The statistics reveal that 1.7 million infections are acquired annually while admitted to a hospital: • Most (1.3 million) were outside of ICUs • 9.3 infections occurred per 1,000 patient-days • One out of 22 patients will acquire an infection while hospitalized.
While research points to factors such as indoor air quality having a direct influence on infection control, consideration must be also given to the inanimate environment and spatial considerations. In other words, the walls, and especially surfaces, of objects adjacent to where the patient receives care and where the healthcare worker may inadvertently contaminate their hands and clothing.
Spatial considerations and surfaces There is a plethora of evidence correlating a decrease in infection rates when there is a greater physical separation, isolation and space per patient in the acute-care and long-term healthcare setting. Of all the modes of transmission, providing appropriate space per patient is correlated with success rates in the prevention of transmission of infectious diseases. While heeding the evidence has contributed to the adoption of the 2006 AIA guidelines requiring new construction of single occupancy acute-care patient rooms, accessing this evidence when planning other hospital departments such as ED observation units and pre–op/holding and recovery is crucial.
Research reveals the surfaces most contaminated with multi-resistant organisms are within the area immediately adjacent to a patient such as the overbed table, the cubicle curtain, the bed rail, the infusion pump, the sink, faucet handles, blood pressure cuffs and the hard copy chart. These inanimate objects have one thing in common — all are located within 3–5 feet above finished floor. This is just the right position of the population caring for the patients.
Knowing that less than optimal reimbursements are facing healthcare organizations as the baby boomers flood the healthcare industry, does saving upfront costs on square footage — the square footage required to get the job done safely and effectively —make sense? As the patient acuity in the U.S. rises and technological advances facilitate prompt, electronically connected care, patient rooms have become minefields of contaminated objects that can be obstacles to maintaining asepsis control during direct care. How easily are hands or a lab coat contaminated when hospital rooms are increasingly cluttered with vital, but often contaminated, equipment? Will considerations regarding the reduction in square footage in order to cut down on up-front costs be disastrous for owners given the current evidence and associated costs?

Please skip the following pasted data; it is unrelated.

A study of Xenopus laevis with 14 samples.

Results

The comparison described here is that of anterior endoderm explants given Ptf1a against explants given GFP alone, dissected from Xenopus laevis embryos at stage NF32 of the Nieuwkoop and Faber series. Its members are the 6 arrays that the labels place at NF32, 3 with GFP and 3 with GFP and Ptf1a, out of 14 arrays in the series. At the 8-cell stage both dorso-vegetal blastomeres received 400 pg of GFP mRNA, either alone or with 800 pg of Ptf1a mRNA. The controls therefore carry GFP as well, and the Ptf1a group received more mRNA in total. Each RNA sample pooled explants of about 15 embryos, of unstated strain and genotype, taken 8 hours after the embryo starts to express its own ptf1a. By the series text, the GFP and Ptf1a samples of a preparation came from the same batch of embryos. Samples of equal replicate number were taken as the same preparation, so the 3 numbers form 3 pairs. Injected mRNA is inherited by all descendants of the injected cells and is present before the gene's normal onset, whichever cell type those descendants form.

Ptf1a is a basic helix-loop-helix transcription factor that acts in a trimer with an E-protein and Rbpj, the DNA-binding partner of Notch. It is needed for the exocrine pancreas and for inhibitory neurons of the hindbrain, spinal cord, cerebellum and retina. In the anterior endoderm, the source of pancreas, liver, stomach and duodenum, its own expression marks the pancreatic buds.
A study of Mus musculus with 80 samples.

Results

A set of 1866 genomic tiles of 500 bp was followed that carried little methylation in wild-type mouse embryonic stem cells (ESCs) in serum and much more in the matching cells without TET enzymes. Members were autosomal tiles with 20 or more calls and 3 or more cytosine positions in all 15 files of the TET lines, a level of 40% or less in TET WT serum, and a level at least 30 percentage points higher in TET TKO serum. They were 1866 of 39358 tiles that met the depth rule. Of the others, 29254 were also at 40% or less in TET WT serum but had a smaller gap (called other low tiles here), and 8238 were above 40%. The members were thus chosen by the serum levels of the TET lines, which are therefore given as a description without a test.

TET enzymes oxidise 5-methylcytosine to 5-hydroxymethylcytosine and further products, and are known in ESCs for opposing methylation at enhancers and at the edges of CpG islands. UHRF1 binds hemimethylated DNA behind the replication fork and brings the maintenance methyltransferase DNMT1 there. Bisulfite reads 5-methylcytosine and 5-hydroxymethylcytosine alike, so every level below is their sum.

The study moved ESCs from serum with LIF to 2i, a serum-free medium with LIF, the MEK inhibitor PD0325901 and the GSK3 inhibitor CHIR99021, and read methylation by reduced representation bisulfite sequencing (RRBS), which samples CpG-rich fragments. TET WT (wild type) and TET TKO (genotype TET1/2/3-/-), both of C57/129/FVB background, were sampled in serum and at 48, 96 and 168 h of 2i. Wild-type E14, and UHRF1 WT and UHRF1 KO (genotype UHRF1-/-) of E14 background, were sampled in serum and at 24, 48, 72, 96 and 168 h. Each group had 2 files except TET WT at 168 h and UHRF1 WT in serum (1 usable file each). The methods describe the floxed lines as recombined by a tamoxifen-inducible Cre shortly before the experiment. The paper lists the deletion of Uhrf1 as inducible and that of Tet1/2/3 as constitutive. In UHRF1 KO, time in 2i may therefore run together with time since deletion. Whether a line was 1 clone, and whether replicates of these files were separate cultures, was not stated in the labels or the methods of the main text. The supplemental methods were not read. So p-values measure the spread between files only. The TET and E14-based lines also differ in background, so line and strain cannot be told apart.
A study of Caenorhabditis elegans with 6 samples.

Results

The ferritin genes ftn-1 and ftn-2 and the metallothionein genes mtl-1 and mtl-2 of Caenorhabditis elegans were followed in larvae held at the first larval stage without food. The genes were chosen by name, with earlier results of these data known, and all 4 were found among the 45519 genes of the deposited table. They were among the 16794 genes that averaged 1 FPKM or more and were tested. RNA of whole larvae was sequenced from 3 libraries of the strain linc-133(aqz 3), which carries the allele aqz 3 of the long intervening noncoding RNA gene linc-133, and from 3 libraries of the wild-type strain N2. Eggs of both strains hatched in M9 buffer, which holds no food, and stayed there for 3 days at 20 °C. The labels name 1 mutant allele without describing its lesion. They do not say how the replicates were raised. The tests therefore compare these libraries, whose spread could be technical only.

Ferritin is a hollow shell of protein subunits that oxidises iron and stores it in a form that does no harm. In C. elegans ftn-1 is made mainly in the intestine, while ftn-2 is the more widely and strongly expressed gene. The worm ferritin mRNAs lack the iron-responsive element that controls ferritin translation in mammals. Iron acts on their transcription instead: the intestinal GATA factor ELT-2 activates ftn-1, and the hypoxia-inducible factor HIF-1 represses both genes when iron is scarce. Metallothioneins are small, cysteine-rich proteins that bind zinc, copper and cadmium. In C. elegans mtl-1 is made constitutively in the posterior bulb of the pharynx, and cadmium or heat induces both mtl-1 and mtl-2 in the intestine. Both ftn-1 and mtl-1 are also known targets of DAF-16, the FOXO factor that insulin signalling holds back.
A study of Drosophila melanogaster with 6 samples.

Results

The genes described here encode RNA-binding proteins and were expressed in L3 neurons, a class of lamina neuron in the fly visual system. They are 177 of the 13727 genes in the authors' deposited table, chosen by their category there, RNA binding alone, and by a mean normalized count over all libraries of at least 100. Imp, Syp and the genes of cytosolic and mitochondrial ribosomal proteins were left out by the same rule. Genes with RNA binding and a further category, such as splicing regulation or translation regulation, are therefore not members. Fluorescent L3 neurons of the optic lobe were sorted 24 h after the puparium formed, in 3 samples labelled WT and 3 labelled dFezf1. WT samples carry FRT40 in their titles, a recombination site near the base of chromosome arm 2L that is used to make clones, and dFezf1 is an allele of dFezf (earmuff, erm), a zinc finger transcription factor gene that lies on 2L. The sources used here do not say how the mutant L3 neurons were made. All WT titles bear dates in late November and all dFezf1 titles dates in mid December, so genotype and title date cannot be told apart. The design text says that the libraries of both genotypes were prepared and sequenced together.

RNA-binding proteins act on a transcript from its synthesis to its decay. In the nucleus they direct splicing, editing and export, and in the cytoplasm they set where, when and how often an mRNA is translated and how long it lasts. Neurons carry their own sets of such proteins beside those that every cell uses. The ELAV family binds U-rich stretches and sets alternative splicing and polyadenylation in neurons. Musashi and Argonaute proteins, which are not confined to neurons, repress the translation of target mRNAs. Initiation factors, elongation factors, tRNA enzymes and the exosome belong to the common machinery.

Evidence supports that single occupancy rooms are superior to multi-occupancy in the prevention of cross transmission. Private spaces facilitate the necessary ventilation and separation of patients with aerial transmitted infections such as influenza, TB, measles and chicken pox. Moreover, private patient rooms facilitate the new cleaning methods required to eradicate certain drug resistant organisms. If we continue to plan EDs with open bays and observation cubicles how can we facilitate the most effective cleaning method on the market, the use hydrogen peroxide vapor? Are plans that place patients in close proximity, with only a contaminated surface (privacy curtain) for separation, acceptable? It is never too soon to discuss infection-control protocols and the spatial requirements necessary to implement a successful program. It is time worth spending to discuss cleaning techniques necessary to eradicate drug resistant organisms in the inanimate environment and specify appropriate finishes and fabrics to facilitate the techniques.
Making crucial decisions through crucial conversations In summary, crucial conversations for safety and quality healthcare delivery begin in pre-design and programming. While saving up-front costs associated with fewer square feet can be attractive, it can be costly post-occupancy considering potentially decreased reimbursements and extended lengths of stay. Architects and owners must consider the required equipment vital for effective direct-care delivery and discuss spatial needs that facilitate care with minimal contamination of the caregiver before, during and after a procedure.
Most importantly, designers and owners need to spend time on the selection of materials and surfaces that fall within the 3-5 foot area above the finished floor. This is where the evidence exists regarding success and failures in cross transmission associated with direct contact. Until proper clinical trials are available to address the effectiveness of anti-microbial additives to items within this high-contact area, it might be wise to focus selection criteria on cleaning methods and meeting facility infection-control protocols.
Laurie Waggener, RRT, IIDA, AAHID, EDAC, is research and Evidence-Based Design leader at WHR Architects, Inc.
Editor’s Note: Read more about infection-control methods in the upcoming January/February issue of Medical Construction & Design.